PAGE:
The Crusader Newspaper Group

Companies volunteer in tearing down vacant homes

By Ciara Smith, Gary Crusader

Many have gone as far as calling Gary a “ghost town” when comparing the city to its former glory. With nearly two dozen closed schools and over 5,000 abandoned buildings, the vacant buildings and empty lots strewn amongst the city have long been a sore spot for residents.

On March 7, five construction companies took to the Aetna area to tackle the problem head on.

Rieth-Riley Construction, C. Lee Construction Services, P & C Trucking, McAllister Equipment, and Hasse Construction partnered with Gary’s Demolition Department to demolish up to 10 residential properties over the course of two days.

In a continued outreach effort, Jim Wiseman led the project for the second year in a row at no cost to the city. Wiseman and his colleagues targeted five locations in the Miller area last year, and this year, turned their focus to Fayette, Cass and Benton Streets—a project that would otherwise cost upward of $100,000.

In a statement, Wiseman mentioned his goal was to inspire others to get involved with his hometown.

“When I first came up with this idea it was because I wanted to give back to not only the community we serve at Rieth-Riley, but also my burning desire to give back to my hometown that raised me. When I see an administration working for one common goal, it only inspires me to help. Our hope has always been to make a difference in the communities we serve and to give back. More importantly, we hoped that we would inspire others to step up and offer to help us in our outreach campaign. Well, it worked.”

He went on to say, “It’s gratifying to be a small part of a bigger picture.” Next year, he says his goal is to demolish 20 homes.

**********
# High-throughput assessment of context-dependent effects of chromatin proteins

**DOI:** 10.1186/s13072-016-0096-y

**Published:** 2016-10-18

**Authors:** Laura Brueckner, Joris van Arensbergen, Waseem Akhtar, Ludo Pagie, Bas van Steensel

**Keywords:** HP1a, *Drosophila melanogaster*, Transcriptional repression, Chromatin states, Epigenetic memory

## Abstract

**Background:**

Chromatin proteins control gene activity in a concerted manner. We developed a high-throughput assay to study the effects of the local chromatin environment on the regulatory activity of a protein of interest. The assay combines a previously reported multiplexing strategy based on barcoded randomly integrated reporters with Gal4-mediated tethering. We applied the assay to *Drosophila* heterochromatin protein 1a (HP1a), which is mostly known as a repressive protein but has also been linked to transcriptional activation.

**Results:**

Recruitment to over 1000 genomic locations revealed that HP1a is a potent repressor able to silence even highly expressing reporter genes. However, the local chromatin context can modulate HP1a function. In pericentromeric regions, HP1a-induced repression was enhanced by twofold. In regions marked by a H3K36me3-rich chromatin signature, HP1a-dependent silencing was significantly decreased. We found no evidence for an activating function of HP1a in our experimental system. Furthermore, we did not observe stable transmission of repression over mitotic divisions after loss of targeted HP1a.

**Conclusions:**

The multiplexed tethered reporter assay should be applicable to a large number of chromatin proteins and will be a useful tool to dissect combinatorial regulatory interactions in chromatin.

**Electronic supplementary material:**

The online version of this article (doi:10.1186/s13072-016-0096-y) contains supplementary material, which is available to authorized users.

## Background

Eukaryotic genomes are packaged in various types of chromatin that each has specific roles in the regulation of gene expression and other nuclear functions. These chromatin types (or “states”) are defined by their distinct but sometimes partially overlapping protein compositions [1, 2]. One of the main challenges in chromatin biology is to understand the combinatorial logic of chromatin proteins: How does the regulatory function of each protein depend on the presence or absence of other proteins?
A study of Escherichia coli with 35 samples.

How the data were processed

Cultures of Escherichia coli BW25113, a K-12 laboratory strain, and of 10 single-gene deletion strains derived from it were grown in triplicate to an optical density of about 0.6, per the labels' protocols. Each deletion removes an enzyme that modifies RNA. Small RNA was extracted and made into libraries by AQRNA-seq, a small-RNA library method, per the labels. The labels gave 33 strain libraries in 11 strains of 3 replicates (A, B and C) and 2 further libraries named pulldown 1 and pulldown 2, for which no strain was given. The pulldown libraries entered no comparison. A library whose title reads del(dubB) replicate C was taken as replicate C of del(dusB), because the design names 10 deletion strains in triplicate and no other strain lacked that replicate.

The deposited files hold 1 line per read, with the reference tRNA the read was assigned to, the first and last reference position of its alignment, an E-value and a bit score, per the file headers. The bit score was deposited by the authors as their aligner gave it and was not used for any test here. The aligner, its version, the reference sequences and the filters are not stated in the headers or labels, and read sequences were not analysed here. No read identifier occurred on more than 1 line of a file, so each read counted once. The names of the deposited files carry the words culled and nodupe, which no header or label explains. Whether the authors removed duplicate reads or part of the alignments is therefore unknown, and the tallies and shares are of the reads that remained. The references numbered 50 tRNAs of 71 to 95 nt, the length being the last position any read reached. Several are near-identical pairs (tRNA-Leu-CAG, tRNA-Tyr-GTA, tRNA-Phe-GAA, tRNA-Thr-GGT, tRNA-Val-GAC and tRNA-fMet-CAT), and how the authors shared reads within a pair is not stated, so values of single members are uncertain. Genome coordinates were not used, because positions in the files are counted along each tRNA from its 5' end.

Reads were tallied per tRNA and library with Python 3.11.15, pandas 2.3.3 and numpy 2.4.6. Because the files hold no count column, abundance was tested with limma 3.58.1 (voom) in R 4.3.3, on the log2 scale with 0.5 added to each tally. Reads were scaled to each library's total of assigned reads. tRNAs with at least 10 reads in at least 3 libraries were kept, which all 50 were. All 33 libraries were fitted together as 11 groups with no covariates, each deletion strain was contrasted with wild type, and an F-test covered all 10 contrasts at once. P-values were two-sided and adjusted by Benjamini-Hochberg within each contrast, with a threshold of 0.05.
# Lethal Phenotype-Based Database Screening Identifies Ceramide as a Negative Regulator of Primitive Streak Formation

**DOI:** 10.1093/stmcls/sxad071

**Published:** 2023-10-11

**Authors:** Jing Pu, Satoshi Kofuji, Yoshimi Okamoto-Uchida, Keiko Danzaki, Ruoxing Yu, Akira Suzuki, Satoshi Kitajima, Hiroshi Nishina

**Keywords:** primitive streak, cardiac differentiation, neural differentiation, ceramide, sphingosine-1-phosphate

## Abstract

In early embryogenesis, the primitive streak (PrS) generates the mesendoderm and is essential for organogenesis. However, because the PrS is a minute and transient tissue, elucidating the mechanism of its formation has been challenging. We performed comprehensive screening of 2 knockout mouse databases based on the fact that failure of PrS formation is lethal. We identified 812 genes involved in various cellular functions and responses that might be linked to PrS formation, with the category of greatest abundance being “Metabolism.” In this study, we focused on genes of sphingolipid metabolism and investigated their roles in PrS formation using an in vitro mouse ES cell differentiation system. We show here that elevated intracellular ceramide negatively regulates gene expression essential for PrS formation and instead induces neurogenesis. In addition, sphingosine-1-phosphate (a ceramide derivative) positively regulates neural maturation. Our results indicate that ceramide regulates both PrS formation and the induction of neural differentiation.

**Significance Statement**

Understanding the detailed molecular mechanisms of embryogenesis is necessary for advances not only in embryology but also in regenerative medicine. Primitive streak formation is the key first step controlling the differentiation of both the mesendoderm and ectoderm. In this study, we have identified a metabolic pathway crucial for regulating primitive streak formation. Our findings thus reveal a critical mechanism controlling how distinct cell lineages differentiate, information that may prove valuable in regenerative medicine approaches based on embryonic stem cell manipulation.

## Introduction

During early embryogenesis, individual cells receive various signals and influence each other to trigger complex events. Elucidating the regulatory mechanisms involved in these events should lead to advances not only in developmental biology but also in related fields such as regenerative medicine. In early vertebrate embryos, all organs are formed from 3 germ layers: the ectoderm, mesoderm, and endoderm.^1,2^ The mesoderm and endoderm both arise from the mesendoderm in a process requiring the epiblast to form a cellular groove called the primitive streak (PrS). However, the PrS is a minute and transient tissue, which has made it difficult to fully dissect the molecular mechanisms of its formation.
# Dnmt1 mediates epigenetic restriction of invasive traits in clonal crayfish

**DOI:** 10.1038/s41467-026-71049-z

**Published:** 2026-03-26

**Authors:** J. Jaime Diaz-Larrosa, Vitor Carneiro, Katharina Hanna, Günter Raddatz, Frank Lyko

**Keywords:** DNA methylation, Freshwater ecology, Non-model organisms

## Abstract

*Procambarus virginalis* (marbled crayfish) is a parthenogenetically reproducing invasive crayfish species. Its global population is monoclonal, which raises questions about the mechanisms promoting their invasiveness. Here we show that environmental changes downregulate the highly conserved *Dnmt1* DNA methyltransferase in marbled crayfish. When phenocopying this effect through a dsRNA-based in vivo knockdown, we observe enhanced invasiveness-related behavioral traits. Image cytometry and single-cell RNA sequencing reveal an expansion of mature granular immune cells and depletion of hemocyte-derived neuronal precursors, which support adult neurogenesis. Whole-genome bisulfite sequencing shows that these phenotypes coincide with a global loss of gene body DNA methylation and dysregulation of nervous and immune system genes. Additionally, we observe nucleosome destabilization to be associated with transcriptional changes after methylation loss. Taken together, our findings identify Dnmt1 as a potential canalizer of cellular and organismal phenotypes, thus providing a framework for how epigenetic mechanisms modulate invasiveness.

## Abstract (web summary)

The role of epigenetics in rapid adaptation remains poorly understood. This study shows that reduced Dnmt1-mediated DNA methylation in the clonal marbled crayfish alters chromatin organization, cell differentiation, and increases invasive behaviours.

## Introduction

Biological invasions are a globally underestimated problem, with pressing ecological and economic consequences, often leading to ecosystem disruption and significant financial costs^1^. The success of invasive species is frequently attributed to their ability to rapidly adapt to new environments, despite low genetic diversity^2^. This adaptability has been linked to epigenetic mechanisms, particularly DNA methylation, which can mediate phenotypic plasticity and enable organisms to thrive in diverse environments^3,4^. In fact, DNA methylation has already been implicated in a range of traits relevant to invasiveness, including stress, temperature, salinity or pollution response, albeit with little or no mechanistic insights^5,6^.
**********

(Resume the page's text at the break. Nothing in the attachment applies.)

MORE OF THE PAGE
“While we have received significant help from the state and federal government through the Hardest Hit Fund, we also know there is a need for other sources of support. And, we are so happy that that has come from our corporate community,” Mayor Karen Freeman-Wilson said of the tremendous financial gift to the city.

Once the third largest city in Indiana, Gary has experienced steady population loss since the 1960s, and as a result, the city has thousands of abandoned homes and businesses, and it can cost $15,000 per demolition.

In 2014, Gary received $6.6 million to help with the city’s redevelopment from the Hardest Hit Fund Blight Elimination Program. The U.S. Department of Treasury and the Indiana Housing and Community Development Authority (IHCDA) partnered to allow all 92 Indiana counties to compete for $75 million to be released in six rounds.

Five successful BEP applicants were awarded a total of over $15 million dollars, with Gary receiving the largest endowment. A second round of funding was announced in 2016 for $4.4 million. The areas slated to see demolition in the second phase are: Aetna, Horace Mann, Emerson, Froebel, Glen Park, and Miller neighborhoods

One of Freeman-Wilson’s top priorities for 2017 is for similar demolition campaigns to further emphasize the city’s dedication to blight elimination.

“I think the community will be encouraged by the mass show of effort. To get so many houses down at a time shows that we are paying attention to what’s going on, and we have a strong desire to meet those needs in a variety of ways,” said Freeman-Wilson. “Sometimes people get frustrated when all they hear is plans, but when they see the execution of those plans, I hope that’s a source of encouragement.”

To Mary Tyler, an Aetna area resident for 63 years, government efforts to restore the city sounds promising, but frustrating. Counting the vacant lots surrounding her home, the 79-year-old says she’s more interested in next steps.

“That’s great! At least somebody is coming back and thinking about it. It’s a step in the right direction, but if you knock a house down and put nothing in its place, who’s going to keep it up?” asked Tyler.

“I’m tired and I can’t do it anymore,” she said of mowing both her lawn and those adjacent to her property. “It makes no difference to me what’s done after the fact, as long as they keep it up. That lot is going to be next to the park. But if the park department isn’t going to keep it up, who’s going to mow the grass?”

Wiseman maintains high hopes for his initiative building community morale, but recognizes that city rehabilitation will not be an easy feat.

“With all the obstacles that the city and mayor face, they can’t do it alone. I had a conversation years ago just before she took office. She said she wanted to build from the outside in. She said she wanted to reach out to Portage to Merrillville, Crown Point and Valparaiso, because it’s all part of Northwest Indiana. If we build from the outside in instead of the inside out, we can have a future,” said Wiseman.

“And my philosophy is Gary is, was and always will be the heart and soul of Northwest Indiana. When Gary goes, all of Northwest Indiana will go.”